Wednesday, March 21, 2007

This article contrasts rather sharply with Grace's post, which pointed out that South Korea is looking for complete denuclearization. It would appear that North Korea is looking to keep their nuclear weapons, which is unsurprising, and simply abandon the creation of more in favor of working with the US and its neighbors, or at least getting its money back.

My impression of the post-test talks were that they acknowledged (rather than accepted) North Korea's possession of nuclear weapons and sought to prevent them from making more without having any concrete action on getting rid of their existing ones. This could have been implied, or just could have been my own point of view (because really, I cannot see North Korea walking away from its nuclear weapons any time in the near future). Publicly, South Korea seems adamant about complete denuclearization, and it gets mentioned a lot in articles as what the talks are aimed at, but is that something the governments really think they can accomplish?

It will be interesting to see if, once North Korea gets its money in the bank, its nuclear weapons, and its capitulation from the US on dealing bilaterally, whether they will walk away from the talks.

1 comment:

Eric said...

Erin's last paragraph got me thinking about KN's strategic positioning and how that relates to the BDA issue.

I think that they are using the BDA money transfer as a test to see how flexible the other five parties are (most notably the US), and what degree of leverage they really have by coming to (and leaving) the table. This is not the first time denuclearization has been negociated, but this is the first time they've gotten the US in bilateral talks since the Agreed Framework. On top of that, the 180 degree turn that the Bush administration has made (from being hardliners to being semi-pro-engagement) is unchartered waters for everyone - including DPRK and the US.

With that said - it is important in the strategic calculus to remember that $24 million in BDA is pale in comparison to well north of $300 million in energy aid. On top of that, there are many more steps in the denuclearization political process and opportunities for additional leveraged rewards for DPRK.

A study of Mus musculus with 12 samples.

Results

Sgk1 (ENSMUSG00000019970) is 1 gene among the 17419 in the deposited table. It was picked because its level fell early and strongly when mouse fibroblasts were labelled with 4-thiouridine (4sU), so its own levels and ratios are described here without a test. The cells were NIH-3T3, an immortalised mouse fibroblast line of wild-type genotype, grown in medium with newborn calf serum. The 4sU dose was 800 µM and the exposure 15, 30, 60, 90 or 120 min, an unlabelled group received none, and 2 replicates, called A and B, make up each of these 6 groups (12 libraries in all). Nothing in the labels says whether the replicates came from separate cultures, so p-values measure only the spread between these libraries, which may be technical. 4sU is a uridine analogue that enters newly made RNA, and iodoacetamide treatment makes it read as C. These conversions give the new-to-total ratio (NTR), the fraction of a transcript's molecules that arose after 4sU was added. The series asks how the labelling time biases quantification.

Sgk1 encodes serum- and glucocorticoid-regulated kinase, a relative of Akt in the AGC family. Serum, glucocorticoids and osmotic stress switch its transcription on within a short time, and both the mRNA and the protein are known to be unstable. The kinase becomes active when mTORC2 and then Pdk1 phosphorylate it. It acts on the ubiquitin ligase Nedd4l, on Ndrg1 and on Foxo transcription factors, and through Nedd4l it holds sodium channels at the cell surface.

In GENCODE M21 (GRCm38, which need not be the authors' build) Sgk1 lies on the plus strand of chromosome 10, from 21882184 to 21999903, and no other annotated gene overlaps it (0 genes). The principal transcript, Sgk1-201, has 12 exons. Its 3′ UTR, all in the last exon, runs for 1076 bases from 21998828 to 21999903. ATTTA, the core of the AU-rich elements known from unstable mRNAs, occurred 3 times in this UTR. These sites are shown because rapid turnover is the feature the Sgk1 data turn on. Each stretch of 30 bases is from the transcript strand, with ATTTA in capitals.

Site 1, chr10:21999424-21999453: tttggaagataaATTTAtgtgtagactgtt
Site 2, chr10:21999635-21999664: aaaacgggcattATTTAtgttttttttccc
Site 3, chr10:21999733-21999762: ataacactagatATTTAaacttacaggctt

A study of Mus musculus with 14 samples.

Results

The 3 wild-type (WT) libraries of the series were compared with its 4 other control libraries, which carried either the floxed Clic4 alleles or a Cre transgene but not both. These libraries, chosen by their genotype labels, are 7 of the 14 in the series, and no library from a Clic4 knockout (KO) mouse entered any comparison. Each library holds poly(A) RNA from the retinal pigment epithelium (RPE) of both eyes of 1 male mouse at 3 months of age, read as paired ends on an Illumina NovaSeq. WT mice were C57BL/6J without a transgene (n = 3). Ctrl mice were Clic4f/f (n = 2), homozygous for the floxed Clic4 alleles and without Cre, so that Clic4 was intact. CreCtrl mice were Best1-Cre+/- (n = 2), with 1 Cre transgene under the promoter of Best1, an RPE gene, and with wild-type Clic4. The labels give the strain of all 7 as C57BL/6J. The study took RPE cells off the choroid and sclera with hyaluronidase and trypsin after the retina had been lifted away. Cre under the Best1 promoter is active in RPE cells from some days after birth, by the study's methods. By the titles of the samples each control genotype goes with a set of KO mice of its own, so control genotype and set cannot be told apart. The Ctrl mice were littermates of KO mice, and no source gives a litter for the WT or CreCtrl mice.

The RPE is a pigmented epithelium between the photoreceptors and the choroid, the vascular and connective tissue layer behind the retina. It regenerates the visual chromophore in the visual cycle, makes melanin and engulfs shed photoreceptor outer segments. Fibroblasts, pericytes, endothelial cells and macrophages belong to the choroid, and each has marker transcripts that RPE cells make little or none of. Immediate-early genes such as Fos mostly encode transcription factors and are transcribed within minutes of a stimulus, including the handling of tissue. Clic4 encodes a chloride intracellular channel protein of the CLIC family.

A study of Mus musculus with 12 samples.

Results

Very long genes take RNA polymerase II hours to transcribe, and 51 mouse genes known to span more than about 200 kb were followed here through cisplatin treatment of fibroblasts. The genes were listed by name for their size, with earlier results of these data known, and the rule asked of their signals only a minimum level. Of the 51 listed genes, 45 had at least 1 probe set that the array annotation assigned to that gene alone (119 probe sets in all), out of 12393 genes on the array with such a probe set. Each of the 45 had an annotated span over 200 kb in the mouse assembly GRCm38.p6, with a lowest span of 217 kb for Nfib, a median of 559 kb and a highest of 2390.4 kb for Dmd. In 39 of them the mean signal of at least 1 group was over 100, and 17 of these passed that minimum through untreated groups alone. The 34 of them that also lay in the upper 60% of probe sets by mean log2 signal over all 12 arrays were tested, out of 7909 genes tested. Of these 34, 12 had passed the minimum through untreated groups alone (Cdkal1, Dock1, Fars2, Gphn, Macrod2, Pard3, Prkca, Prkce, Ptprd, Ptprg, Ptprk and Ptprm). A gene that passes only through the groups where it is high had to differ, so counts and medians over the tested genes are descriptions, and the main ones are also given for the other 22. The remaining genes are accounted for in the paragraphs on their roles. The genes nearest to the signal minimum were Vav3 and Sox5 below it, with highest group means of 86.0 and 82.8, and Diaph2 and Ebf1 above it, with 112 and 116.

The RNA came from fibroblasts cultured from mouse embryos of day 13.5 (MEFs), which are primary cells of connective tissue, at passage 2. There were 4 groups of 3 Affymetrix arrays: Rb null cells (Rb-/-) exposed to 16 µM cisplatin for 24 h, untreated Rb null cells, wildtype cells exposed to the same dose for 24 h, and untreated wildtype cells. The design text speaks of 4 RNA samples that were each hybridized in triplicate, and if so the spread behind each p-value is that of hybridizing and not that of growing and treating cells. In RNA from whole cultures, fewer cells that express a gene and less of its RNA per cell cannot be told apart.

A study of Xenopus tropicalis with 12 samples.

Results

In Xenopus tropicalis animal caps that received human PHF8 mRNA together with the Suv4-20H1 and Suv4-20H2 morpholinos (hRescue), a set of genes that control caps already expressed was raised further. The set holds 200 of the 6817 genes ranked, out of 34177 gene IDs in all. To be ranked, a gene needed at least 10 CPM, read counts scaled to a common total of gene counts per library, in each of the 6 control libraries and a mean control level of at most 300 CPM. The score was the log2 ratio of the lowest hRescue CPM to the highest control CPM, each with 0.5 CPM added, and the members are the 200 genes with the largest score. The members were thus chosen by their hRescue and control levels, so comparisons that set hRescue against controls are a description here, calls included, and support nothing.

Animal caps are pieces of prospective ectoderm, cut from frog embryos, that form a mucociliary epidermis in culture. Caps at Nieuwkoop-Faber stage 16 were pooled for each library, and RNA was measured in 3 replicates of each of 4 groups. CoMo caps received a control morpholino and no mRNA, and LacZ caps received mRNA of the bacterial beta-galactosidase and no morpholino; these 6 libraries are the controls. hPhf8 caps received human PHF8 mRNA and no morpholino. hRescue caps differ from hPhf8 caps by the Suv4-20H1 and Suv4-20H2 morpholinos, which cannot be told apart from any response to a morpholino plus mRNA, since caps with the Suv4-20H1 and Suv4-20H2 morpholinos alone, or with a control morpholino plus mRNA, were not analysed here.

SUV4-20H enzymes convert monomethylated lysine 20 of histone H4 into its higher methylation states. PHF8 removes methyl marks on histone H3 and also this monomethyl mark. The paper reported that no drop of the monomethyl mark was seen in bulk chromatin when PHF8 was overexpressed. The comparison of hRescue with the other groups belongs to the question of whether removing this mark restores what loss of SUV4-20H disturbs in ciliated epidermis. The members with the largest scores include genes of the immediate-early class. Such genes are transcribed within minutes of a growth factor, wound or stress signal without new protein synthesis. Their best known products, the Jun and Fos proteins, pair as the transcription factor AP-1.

In sum, I would say - the BDA issue is a testbed, not the end all be all for the DPRK. If the five parties walked away over DPRK's unwillingness to make the process work, I imagine DPRK would come back or at least offer a more moderate stance, because they have their eyes on the stream of payments coming from this step in the 6PT and future steps (of which the amounts for payoff are only limited by the imagination of the DPRK officials in deciding how little progress to make for each step).

From the US policy standpoint, I believe we will continue to make consessions unless the DPRK performs another missile test, nuke test, or other provocative act. And that's what they're counting on in being so bold about the BDA issue.

In a 6PT update on CNN, they state that the Feb 13 announcement has "warmed ties between the Koreas" evidenced by South Korea resuming aid to the North. I don't agree with this at all. In my humble opinion, South Korea wanted to send the aid regardless of the provocations in July and October, but were heavy-handed by the US to hold off. The DPRK doesn't feel any "warmer" about the South either. If anything, they probably feel an increased air of superiority. Off my soapbox - I just hate how some media agents paint the cliche picture and ignore more rigorous analysis.